Twins 13, Blue Jays 4
TORONTO (AP)—Torii Hunter didn’t need much time to find his stroke.
Hunter hit a grand slam and tied a career high with six RBIs, leading the Twins to a 13-4 victory over the Toronto Blue Jays on Wednesday night.
The former All-Star missed the final two months of last season after breaking his left ankle and experienced soreness in it during the spring, but the Twins need him if they’re going to contend for a playoff spot.
“I’m anxious,” Hunter said. “I’ve been hungry all offseason trying to get back out there, trying to get healthy. I’m still rehabbing to this day, but I’m just happy to be out there. When you break your ankle and you are out two months that tells you that you don’t want to retire any time soon. I’m a competitor and I want to play and that’s what you saw tonight.”
Hunter went 4-for-5 and scored three runs.
His fifth career grand slam in the eighth against Jason Frasor gave Minnesota a 12-4 lead. He had six RBIs in two other games—the last when he hit his last grand slam June 1, 2005, against Cleveland.
“I’ve been hearing that we don’t score a lot of runs but I think we shocked a lot of people today,” Hunter said.
Last season Hunter was missed in the lineup, the field and the clubhouse while the three-time AL Central champions faded to third place. As the longest-tenured position player on the Twins, Hunter, who turned 30 last July, has become a leader.
“Before I got hurt we were having fun and guys were scoring runs,” Hunter said. “Then next thing you know I got hurt and everything just went south. I don’t know if it was me or not, but maybe it was just the spirit. It wasn’t just all the production and everything, just the spirit went down. I love these guys. They are like my brothers, so it was tough to see.”
Hunter—in the last season of his contract—wants to have a 30-30 season for the first time.
“This year I feel like I’m better at the plate,” Hunter said. “Every year I make adjustments.”
Attendance was just 18,156—a day after the Blue Jays attracted the fourth largest crowd for a home opener.
Minnesota starter Brad Radke got off to rough start, allowing three runs in the first. But Radke (1-0) settled down—allowing four runs on eight hits, while striking out two and walking none in six innings.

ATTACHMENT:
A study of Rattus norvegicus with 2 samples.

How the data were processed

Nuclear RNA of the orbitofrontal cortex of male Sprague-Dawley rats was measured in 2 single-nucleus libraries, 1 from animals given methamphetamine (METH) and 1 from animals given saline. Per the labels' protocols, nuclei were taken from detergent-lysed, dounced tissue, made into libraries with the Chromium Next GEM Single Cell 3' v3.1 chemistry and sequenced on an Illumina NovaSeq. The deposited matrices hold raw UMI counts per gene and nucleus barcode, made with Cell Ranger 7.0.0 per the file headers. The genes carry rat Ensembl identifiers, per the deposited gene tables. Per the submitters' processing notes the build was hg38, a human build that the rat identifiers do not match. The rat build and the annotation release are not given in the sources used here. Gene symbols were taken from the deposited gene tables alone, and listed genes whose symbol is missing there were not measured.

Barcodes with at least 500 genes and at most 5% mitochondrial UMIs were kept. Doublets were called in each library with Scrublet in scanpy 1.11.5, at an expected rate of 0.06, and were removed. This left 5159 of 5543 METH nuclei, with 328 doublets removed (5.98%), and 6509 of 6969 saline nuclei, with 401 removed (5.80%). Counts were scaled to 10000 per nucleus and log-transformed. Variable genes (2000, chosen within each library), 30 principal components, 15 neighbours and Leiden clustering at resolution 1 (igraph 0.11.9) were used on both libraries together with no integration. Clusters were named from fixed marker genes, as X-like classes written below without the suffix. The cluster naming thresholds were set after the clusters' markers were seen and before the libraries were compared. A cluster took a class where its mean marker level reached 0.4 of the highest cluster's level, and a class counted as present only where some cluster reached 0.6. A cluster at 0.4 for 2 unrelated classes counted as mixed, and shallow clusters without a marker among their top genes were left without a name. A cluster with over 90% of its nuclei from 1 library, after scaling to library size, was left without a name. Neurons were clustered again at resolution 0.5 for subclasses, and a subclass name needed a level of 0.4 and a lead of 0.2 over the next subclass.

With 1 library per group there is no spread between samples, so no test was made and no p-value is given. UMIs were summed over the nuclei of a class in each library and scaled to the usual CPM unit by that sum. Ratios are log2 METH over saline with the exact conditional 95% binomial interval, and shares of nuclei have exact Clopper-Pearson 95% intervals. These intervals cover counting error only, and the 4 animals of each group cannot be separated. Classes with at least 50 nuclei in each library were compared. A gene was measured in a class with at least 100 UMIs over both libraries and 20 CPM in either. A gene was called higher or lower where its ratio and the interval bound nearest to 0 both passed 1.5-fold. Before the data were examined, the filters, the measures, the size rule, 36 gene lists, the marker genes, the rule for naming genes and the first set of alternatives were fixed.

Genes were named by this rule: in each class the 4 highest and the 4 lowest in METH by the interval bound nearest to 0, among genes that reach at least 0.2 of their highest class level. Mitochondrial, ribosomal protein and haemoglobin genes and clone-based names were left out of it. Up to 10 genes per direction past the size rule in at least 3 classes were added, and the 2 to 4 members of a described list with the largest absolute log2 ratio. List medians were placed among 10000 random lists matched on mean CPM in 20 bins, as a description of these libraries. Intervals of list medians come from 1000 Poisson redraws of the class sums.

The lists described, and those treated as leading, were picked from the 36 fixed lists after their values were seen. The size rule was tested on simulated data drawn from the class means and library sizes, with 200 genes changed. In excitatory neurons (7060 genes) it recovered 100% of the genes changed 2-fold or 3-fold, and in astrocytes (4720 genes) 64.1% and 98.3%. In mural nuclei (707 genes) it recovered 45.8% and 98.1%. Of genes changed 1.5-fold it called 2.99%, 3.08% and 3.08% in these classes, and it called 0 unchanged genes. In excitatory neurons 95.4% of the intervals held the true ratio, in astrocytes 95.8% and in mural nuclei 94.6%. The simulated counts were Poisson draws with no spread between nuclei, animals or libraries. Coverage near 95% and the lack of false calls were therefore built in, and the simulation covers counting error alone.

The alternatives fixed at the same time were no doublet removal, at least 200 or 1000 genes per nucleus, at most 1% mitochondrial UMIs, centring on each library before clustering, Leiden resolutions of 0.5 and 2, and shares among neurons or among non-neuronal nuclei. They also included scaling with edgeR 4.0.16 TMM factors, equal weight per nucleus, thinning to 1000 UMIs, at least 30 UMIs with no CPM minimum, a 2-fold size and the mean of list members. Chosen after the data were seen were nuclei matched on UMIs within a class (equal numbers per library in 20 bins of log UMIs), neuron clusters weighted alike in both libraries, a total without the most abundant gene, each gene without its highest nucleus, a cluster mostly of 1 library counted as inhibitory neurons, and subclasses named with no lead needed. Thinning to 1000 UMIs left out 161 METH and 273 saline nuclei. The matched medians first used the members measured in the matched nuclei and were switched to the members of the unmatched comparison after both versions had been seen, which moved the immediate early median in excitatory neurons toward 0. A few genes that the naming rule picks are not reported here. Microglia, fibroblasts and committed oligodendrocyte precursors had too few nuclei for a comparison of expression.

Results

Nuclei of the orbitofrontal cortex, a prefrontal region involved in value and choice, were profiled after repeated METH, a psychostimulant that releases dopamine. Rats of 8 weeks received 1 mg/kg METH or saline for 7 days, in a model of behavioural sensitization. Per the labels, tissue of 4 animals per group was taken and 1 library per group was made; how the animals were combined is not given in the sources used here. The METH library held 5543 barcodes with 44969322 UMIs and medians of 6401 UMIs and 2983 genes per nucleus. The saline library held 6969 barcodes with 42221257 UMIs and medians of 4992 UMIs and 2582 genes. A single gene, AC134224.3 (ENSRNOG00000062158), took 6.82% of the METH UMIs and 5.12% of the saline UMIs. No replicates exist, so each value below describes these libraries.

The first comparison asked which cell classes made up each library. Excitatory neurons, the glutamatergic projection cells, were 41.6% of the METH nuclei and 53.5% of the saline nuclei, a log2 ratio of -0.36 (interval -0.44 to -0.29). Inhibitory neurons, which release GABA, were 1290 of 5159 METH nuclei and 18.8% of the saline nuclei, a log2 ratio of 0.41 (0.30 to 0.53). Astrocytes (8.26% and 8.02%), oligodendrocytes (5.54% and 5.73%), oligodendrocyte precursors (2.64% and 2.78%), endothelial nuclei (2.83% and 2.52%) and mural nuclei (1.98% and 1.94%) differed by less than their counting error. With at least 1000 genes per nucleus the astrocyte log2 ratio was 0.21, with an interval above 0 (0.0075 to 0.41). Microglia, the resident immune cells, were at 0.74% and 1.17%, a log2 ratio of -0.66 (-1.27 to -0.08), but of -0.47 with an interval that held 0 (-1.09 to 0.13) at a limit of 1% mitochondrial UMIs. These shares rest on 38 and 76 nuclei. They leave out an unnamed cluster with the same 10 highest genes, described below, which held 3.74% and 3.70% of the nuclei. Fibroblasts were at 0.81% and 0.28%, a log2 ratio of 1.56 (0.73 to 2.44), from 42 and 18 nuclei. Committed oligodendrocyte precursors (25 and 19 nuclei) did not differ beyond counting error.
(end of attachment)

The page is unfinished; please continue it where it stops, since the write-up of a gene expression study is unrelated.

“I tried to hold it to 2-0, then I tried to hold it to 3-0 and then I tried to hold it to 4-0. It’s a good thing that the fences aren’t closer to home plate because I had some luck on my side tonight,” Radke said.
Down 4-0, the Twins tied it in the fourth on five singles and two errors.
One batter later, Jason Kubel singled off the foot of Towers, scoring Hunter. Shortstop Russ Adams picked up the ball, but his throw to third sailed into the dugout, allowing Morneau to score the tying run.
Stewart led off the fifth with a homer off Towers, giving Minnesota a 5-4 lead.
“It just got bad,” Towers said. “The tough part is I gave up a four-run lead. It was just a poor turnaround and bad effort on my part.”
Stewart—a former Blue Jay—homered off Halladay on Tuesday. He was shocked when fans threw things at him when he was in left field in the opener.
Frank Catalanotto, who entered the game hitting .429 against Radke, doubled in the first and scored on Glaus’ homer. Overbay followed with his drive to give Toronto a 3-0 lead. Glaus added an RBI single in the third.
Towers allowed five runs—four earned—on 10 hits in 4 2-3 innings.
He tied for the team lead with 13 wins and led the Blue Jays with 208 2-3 innings last season. He also posted career bests in ERA (3.71), strikeouts (112) and complete games (two).
Glaus went 3-for-4 with three RBI. … The Blue Jays hit back-to-back homers for the first time since Orlando Hudson and Adams did it August 21, 2005 at Chicago. … Rodriguez hit his first career pinch-hit homer, a solo shot off Justin Speier in the ninth.